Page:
Blue Jays: Arencibia won’t return as backup

Former Toronto Blue Jays catcher J.P. Arencibia (Paul Sancya/AP)

If J.P. Arencibia returns as a member of the Toronto Blue Jays in 2014, he’ll be the team’s starter. Blue Jays general manager Alex Anthopoulos joined Prime Time Sports Tuesday, explaining that he doesn’t plan to bring Arencibia back in a reserve role.

“I don’t think we’ve ever looked at a scenario where J.P. would be a backup for us,” Anthopoulos told hosts Bob McCown and Stephen Brunt. “We’ve never talked about that as an option. It’s all about alternatives; it’s all about who else is out there.”

Anthopoulos acknowledged that the Blue Jays have spoken to free agent catchers including Carlos Ruiz in their efforts to upgrade wherever possible. Though Arencibia hit 21 home runs in 2013, he hit just .194 with a .227 on-base percentage and had a tense relationship with fans and media at times. It sounds as though the Blue Jays will pitch the 27-year-old to other teams as an offensively capable player coming off of a difficult season.

“Can he get better? I would say ‘yes,’” Anthopoulos said. “I don’t think he’s the player he was last year, at least from an offensive standpoint. He’s not going to walk much, he’s going to strike out, he’s going to have power.”

The Blue Jays haven’t made an off-season addition yet, but they’re targeting a small group of players in free agency and trades. Anthopoulos hinted that some of the team’s preferred options remain unknown to the public.

“From our standpoint it’s a very focused group and a very focused list,” he said. “Some — actually a lot of them — are not out there in the media, not out there on the internet.”

The Blue Jays aren’t about to break team policy and commit to a player for more than five seasons, but they’re not limited to short-term commitments. They could splurge for the right free agent. Anthopoulos indicated that the Blue Jays wouldn’t be afraid to commit to certain players with four- or five-year contracts.

So far this winter the Blue Jays haven’t felt compelled to pursue minor league free agents to provide rotation depth at triple-A. They have more depth now than they did in the past, even if they continue to seek frontline options.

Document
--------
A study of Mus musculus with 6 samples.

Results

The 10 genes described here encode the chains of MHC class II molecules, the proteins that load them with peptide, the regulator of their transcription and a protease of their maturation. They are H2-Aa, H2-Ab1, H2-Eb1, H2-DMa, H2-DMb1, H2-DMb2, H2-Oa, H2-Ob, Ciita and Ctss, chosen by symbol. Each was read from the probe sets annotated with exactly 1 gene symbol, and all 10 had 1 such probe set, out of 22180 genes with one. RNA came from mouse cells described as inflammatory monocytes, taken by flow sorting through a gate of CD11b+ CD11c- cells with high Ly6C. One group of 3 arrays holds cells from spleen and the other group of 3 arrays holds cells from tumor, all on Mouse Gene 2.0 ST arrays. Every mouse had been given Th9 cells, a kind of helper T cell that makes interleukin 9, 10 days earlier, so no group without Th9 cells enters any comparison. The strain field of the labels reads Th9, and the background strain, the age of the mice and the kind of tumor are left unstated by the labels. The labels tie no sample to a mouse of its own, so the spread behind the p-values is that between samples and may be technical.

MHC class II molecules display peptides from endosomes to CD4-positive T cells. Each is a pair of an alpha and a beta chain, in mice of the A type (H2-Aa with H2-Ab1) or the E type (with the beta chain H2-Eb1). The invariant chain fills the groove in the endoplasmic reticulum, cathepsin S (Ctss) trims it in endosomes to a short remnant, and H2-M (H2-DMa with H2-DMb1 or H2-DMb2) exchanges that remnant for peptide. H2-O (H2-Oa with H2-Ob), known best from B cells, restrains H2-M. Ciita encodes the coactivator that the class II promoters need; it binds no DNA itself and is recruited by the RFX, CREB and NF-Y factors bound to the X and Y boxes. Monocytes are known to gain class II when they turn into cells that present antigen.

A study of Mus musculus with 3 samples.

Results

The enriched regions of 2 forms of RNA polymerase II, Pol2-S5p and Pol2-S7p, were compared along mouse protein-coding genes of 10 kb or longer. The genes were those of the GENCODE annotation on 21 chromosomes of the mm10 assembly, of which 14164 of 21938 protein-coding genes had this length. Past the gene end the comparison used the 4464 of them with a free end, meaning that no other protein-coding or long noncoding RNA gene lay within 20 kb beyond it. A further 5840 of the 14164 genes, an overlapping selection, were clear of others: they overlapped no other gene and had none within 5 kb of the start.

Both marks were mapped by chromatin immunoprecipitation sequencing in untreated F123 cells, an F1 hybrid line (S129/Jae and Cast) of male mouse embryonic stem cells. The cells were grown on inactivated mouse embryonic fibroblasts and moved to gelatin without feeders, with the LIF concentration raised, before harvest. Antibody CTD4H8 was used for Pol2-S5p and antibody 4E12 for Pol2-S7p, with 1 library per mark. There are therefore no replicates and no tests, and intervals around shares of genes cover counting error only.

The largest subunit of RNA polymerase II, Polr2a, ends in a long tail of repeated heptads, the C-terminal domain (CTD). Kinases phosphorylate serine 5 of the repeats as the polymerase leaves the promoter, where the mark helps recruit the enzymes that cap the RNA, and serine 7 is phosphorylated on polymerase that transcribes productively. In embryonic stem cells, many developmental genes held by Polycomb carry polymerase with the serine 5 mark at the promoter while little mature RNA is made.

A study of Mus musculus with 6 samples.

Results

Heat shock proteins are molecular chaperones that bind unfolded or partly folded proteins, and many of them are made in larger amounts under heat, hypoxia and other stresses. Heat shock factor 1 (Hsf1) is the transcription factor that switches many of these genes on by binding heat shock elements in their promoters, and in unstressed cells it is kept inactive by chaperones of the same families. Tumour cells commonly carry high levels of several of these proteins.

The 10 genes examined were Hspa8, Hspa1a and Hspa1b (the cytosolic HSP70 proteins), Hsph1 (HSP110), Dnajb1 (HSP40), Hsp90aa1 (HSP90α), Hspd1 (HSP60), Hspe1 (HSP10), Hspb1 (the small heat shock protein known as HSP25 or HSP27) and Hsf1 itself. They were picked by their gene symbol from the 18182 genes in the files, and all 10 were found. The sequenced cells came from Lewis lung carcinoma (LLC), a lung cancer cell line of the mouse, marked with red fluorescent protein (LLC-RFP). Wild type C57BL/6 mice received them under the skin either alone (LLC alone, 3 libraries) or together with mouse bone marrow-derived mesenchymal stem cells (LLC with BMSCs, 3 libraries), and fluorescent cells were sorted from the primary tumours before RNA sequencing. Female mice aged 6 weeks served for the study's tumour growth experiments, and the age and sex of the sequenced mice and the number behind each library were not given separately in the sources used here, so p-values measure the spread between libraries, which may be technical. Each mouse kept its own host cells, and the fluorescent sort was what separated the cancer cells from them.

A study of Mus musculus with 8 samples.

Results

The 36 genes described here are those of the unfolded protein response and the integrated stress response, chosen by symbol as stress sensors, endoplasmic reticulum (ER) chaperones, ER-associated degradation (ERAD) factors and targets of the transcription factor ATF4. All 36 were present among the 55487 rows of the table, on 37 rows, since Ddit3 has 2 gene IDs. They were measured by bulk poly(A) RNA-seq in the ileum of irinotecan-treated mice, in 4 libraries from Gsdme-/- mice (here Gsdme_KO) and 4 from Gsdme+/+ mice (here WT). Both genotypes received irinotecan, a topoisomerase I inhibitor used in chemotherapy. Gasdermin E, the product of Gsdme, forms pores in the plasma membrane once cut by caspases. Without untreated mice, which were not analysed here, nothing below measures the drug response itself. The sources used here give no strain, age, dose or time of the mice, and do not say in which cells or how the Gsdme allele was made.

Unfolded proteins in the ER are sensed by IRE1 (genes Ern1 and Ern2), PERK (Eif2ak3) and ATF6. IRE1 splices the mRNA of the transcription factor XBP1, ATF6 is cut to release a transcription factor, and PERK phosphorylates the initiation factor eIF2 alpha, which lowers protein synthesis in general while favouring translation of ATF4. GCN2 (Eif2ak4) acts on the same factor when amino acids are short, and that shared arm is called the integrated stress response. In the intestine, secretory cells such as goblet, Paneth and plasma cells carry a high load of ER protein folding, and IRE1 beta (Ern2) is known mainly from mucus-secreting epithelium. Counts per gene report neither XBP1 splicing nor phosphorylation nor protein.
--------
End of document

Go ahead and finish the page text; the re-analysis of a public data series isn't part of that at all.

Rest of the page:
A year ago this time the Blue Jays traded prospects to the Miami Marlins to obtain Jose Reyes, Mark Buehrle and Josh Johnson, among others. While the Blue Jays would prefer to keep their top young players this winter, parting with prospects could help the team improve in 2014.

“In a perfect world you’d like to keep your young players and your young assets, but we definitely haven’t ruled it out in the right scenario,” the GM said.

Here are some other notes from Anthopoulos’s discussion with McCown and Brunt:

On the Blue Jays’ interest in Carlos Ruiz:

“We had dialogue with his agent and we liked the player but that’s probably as far as I would go as far as characterizing our talk”

On the Jose Bautista rumour that surfaced during the GM Meetings:

“It was just so ridiculous and so off base.”

On why the free agent market has taken shape slowly:

“It definitely feels slower on all levels. I think it’s just going to take a little more time to develop.”

On the impact of free agency on trade talks:

“I was having a conversation with a team last night. They have some interest in our players, but they said the interest was predicated on whether they lose out on some free agents and those free agents are going to take a little bit of time.”

On Japanese starter Masahiro Tanaka:

“I think everyone would acknowledge that he’s talented and he can help a lot of teams”

On why Robinson Cano has a free agent market unto himself:

“I think he’s an outlier. When you look at some of these players [and] who can you compare him to in the last few years — a free agent second baseman with those type of numbers.”